Welcome to the All-Time Favourites Series. This series examines 25 of the greatest films I’ve ever seen, looking at them in depth with analyses of what makes them great, and cutting down to the most basic level, looking at plot, cinematography, writing, direction, acting and other things, to see what makes these great films tick. For more info on the series, read this. This week’s All-Time Favourites post is on Federico Fellini’s 1963 film 8 1/2.
The two best films about filmmaking are Francois Truffaut’s Day for Night and Federico Fellini’s 8 1/2. While the filmmaker in Day for Night cherished and reveled in being on set, and took advantage of every moment, the filmmaker in 8 1/2 (played excellently by the cool-oozing Marcello Mastroianni) is desperate to escape the set. The film opens with him daydreaming, which soon turns into a nightmare as he is suffocated in a car and then when he escapes into the clouds, he is tugged back to Earth by producers who are eager to see him make another movie when all he wants to do is be free from work and business.
His latest film is a big budget science-fiction epic that doesn’t look promising. He is distraught to discover that his efforts to make a film that he was happy with and that pleased others are futile. The producers scold him for his bad movie, saying “it has none of the advantages of an avant-garde film, but all of the shortcomings.” In one impassioned monologue, he fraughtfully admits “I thought my ideas were so clear. I wanted to make an honest film. No lies whatsoever. I thought I had something so simple to say, something useful to everyone. A film that could help bury forever all those dead things we carry inside ourselves. Instead, I’m the one without the courage to bury anything at all. When did I go wrong? I really have nothing to say, but I want to say it all the same.” No one understands his work and they probably don’t want to. I can think of a lot of filmmakers who feel this way.
He attempts to escape with sex and alcohol, but these things seem more to offend him than please him. He has grown tired of his wife, who he attempts painfully to convince he is not cheating on, and his mistress has become tiresome and is too foolish and idiotic to respect. One day he sees an actress (Claudia Cardinale) and wants her, much like the character Mastroianni played in Fellini’s previous film La Dolce Vita also lusted for an actress. She likes him, but perhaps he is too tormented by his own failure to be acceptable that their relationship would be painful and short if it even began.
To escape his world, he sinks into increasingly bizarre daydreams, as well as painful and beautiful memories of his childhood. His memories include an encounter with a prostitute whom his friends payed to “do the rhumba, Saraghina!” and his subsequent punishment from the church that schooled him and his ashamed mother. And his fantastic daydreams include him coming home to a mansion housing all the women he has ever loved or lusted after, concluding memorably with an unforgettable image of him cracking a whip to gain control over them. Is this misogynism? No. It’s simply a confused man’s attempt to understand the mystery of women, and throughout the film as he wants the actress more and more, we see the true nature of his frail relationships, and when the pressure turns out to be too much, the film concludes with a magical carnival, in which the entire cast of the film dance to music.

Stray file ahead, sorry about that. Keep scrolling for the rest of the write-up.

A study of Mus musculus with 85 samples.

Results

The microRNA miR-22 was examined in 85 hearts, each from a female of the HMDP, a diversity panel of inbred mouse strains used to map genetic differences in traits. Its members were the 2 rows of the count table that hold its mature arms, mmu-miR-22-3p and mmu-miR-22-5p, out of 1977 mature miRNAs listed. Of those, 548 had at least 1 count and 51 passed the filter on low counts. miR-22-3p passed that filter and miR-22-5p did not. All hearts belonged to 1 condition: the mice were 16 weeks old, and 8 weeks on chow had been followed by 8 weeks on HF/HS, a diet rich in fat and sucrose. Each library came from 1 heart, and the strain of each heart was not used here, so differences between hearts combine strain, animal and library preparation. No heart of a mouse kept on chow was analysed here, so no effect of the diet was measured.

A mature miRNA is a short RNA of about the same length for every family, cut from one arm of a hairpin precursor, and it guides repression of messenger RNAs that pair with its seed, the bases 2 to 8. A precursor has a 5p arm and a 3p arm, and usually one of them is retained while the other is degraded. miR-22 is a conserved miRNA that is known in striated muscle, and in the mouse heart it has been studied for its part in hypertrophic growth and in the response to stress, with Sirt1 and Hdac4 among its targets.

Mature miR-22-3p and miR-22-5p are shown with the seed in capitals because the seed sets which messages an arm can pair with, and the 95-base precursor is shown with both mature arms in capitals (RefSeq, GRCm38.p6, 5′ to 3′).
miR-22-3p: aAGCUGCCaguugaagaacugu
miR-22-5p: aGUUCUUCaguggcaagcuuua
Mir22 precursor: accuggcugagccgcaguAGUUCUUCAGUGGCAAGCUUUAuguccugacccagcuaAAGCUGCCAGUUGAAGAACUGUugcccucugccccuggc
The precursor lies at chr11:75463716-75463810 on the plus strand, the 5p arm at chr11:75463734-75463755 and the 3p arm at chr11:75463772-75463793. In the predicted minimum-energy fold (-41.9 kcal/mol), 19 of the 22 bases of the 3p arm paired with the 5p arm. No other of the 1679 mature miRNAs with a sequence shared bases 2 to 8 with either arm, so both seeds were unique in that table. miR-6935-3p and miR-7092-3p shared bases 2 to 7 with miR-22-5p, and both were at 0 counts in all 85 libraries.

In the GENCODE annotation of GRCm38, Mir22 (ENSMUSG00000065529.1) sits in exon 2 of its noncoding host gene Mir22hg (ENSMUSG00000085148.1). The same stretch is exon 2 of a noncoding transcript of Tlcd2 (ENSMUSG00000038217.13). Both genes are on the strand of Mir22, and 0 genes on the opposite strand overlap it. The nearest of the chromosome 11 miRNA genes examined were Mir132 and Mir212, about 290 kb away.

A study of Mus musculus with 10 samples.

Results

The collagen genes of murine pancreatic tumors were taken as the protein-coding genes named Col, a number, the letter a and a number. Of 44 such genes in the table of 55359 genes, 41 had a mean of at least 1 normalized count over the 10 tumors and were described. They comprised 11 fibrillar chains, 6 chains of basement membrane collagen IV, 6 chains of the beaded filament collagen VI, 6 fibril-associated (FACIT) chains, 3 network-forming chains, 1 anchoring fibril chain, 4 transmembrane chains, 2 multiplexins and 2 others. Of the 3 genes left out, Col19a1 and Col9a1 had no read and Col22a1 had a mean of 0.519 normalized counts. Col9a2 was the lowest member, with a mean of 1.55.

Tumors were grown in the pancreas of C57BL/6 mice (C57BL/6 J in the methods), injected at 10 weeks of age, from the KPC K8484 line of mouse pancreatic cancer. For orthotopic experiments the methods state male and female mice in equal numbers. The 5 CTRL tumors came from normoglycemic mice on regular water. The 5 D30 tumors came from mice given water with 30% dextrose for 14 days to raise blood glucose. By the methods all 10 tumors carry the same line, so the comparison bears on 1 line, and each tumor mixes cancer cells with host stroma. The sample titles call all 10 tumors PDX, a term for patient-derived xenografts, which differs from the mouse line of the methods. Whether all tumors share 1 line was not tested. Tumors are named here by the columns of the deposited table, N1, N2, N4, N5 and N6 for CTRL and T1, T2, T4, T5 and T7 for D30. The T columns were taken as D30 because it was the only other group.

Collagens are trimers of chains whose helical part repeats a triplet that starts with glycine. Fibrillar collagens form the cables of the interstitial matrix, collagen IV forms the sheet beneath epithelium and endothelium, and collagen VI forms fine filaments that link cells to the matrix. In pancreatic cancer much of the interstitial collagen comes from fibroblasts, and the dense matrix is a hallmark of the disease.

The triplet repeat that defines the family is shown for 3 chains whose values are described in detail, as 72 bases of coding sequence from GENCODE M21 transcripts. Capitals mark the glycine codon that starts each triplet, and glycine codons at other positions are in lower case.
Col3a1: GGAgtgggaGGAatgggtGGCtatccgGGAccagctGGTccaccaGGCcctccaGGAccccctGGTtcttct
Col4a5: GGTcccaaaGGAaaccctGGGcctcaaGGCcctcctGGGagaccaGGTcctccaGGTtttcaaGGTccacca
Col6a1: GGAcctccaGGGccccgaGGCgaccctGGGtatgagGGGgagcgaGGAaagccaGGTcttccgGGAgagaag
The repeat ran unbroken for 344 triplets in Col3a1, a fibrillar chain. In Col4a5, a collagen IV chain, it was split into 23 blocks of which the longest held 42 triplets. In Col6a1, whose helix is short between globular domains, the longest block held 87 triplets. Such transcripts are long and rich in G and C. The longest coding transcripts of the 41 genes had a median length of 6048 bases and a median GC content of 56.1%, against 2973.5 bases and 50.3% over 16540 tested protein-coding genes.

Federico Fellini directs with ease, allowing his cast and crew to glide through the scenes. He is known for playing music on the set (he dubbed all the audio for his films afterwards), and this is why the actors seem so jovial and upbeat. One of the film’s early scenes features uses of classical music in such a brilliant, memorable manner. Wagner’s “Ride of the Valkyries” plays in the background as Mastroianni walks into a garden party; the classical tune, which would become more famous for its use in Apocalypse Now, is even better here in setting the tone and mood of an adventurous, engrossing film that never fails to keep the audience gripped and entertained, with its mixture of dark and celestial fantasies and jarring real-life that is still fantastically surreal and entertaining. Fellini’s obsession with circuses and parties really shows here, as his films are as enjoyable and fun as a classic carnival, at which it is easy to imagine a young Fellini grinning at the lights and attractions that would be forever ingrained into his memory and would show in his marvellous, superb motion pictures.
What about you? Have you seen 8 1/2, or any of Fellini’s films? Leave a comment below with your thoughts, and after the Christmas break there will be another All-Time Favourites post in January, focusing on another great Ingmar Bergman masterpiece, Persona.